Thursday, January 26, 2012
Clarinetist Tibi Cziger, founder and artistic director of the Israeli Chamber Project, says his touring ensemble is completely apolitical. But sometimes, the mere presence of his chamber group in certain areas makes politics unavoidable.
“Recently, there was a major debate in Israel on whether we could play on [Arab] occupied territory or not,” Cziger says. “But one of our earliest missions was to also play in the Arab communities. Even when there’s been riots, we still go and have been fine. We aren’t a political ensemble and we have no agenda.”
Cziger grew up in Tel Aviv listening to and playing the chamber music of greats like Brahms and Shostakovich. He came up with the idea to create the Israeli Chamber Project while a student at Juilliard in New York.
“I wanted to have one foot in Israel and one foot in the U.S.,” he says.
Cziger also thought a chamber group would have an easier time playing in remote places in Israel – most of which are made up of populations that have never heard chamber music, let alone live classical music – because there’s no need for a stage or a piano. Cziger was able to use his vision to bring together a core of eight talented chamber musicians, five Juilliard-trained.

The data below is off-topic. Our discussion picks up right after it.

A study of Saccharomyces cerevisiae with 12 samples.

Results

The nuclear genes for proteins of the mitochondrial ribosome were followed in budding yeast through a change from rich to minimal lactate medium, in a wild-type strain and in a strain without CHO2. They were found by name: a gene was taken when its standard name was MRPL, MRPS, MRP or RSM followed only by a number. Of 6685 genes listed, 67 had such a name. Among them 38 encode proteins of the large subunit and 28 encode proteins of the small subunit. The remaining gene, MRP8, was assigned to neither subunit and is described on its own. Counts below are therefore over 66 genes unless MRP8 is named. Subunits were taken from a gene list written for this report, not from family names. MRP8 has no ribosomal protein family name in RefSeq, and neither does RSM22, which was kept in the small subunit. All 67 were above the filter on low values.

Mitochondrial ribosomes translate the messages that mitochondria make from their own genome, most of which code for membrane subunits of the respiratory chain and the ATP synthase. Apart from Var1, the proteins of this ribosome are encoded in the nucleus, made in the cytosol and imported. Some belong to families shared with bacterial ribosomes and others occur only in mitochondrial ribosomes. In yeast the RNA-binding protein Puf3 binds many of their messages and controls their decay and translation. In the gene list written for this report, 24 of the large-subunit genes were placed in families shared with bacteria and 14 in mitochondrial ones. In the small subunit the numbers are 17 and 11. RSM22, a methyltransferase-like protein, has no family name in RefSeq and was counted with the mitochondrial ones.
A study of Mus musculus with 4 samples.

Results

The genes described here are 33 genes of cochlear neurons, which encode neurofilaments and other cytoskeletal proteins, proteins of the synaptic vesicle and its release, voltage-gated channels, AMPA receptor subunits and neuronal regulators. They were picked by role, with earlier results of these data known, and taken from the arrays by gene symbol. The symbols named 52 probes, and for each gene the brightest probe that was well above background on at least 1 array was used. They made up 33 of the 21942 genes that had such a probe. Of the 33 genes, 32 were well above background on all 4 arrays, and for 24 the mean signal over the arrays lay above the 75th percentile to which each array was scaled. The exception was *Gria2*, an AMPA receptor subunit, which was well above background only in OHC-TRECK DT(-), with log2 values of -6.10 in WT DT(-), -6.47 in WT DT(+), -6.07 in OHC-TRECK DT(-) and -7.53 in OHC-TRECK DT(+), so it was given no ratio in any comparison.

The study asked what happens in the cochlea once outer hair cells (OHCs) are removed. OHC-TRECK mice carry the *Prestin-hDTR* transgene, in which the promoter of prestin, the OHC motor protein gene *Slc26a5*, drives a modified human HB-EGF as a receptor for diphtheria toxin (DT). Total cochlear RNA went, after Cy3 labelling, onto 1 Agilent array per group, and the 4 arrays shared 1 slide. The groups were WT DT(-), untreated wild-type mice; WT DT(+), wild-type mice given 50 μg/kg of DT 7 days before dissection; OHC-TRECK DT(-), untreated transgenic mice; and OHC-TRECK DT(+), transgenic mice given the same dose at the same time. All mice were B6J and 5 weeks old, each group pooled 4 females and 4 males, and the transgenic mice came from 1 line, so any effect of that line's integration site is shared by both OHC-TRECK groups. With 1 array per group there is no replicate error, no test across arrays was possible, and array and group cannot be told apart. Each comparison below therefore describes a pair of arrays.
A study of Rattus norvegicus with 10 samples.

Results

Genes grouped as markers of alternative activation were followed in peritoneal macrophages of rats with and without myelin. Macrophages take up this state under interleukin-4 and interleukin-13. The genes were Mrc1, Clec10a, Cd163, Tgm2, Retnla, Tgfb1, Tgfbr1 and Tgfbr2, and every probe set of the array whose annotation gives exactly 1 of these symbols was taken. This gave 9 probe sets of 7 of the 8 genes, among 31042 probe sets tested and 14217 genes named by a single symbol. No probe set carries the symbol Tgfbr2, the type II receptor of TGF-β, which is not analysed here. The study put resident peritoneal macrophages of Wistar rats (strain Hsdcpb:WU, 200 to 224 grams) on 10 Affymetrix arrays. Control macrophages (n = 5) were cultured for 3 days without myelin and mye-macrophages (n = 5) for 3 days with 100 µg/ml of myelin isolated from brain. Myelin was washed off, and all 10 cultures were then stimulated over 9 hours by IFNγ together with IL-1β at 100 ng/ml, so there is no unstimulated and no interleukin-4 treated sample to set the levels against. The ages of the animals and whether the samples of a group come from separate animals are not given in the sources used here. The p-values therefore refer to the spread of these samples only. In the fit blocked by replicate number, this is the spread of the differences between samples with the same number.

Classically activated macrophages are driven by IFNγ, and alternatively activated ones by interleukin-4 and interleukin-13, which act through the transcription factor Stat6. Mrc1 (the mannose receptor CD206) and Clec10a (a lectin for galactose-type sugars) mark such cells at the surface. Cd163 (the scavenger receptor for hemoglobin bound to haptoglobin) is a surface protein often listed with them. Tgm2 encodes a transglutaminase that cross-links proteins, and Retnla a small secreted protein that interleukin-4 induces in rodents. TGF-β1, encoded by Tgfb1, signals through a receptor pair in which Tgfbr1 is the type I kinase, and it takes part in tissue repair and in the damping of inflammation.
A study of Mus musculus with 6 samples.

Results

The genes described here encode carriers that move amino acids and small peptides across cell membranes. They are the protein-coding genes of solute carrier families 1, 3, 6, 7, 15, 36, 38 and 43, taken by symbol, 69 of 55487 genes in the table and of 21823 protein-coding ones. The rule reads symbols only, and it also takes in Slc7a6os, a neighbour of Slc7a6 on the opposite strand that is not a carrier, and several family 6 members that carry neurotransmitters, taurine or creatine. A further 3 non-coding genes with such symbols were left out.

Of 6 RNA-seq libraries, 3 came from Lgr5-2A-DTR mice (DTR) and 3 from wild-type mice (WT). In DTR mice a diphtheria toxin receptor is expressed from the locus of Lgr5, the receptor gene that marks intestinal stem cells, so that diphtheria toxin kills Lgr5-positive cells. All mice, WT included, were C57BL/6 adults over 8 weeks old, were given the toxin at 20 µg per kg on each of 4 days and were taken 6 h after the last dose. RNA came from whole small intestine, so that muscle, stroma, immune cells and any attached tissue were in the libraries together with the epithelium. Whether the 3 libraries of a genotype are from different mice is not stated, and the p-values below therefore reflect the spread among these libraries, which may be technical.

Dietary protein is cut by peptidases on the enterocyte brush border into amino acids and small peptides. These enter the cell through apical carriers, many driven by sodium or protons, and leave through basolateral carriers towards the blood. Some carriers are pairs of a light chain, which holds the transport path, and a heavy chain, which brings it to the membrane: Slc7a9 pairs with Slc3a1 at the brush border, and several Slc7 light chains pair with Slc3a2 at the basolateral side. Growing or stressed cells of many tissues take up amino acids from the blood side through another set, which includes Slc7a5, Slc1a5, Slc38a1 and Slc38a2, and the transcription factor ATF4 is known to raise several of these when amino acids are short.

When the outfit – based in both Israel and New York City – isn’t transcending boundaries in Israel, they tour in the U.S.
“At all of our concerts we always look for a couple of opportunities to speak to the audience,” Cziger says. “This establishes a connection on a level that everyone understands rather than just coming out and playing; classical music is a high form of art and if you have no knowledge it will be much harder to enjoy.”
On Sunday, the Carmel Music Society brings Cziger and four other members of the Israeli Chamber project to the Sunset Center for an afternoon of classic and contemporary chamber music. The program will feature works including Shostakovich’s Trio for piano, violin and cello in C minor, Op. 8 and Brahms’ Trio for clarinet, cello and piano in A minor, Op. 114.
As a nonprofit organization relying solely on donations, the Israeli Chamber Project also funds educational and outreach programs. They even commissioned young and underprivileged Israeli composers that would ordinarily have no means to pursue a career or an education in music to compose music specifically to be performed by the ICP. While touring around some of Israel’s poorer communities, the musicians have also become known for setting aside time to teach some of the kids in between their performances.
“Our goal is to bring people together through music,” Cziger says. “It doesn’t matter who listens to us; we’ll play for whoever wants to hear music.”
THE ISRAELI CHAMBER PROJECT performs at 3pm Sunday, Jan. 29, at Sunset Center, San Carlos at Ninth , Carmel. $30; $35; $39; $43. 620-2048.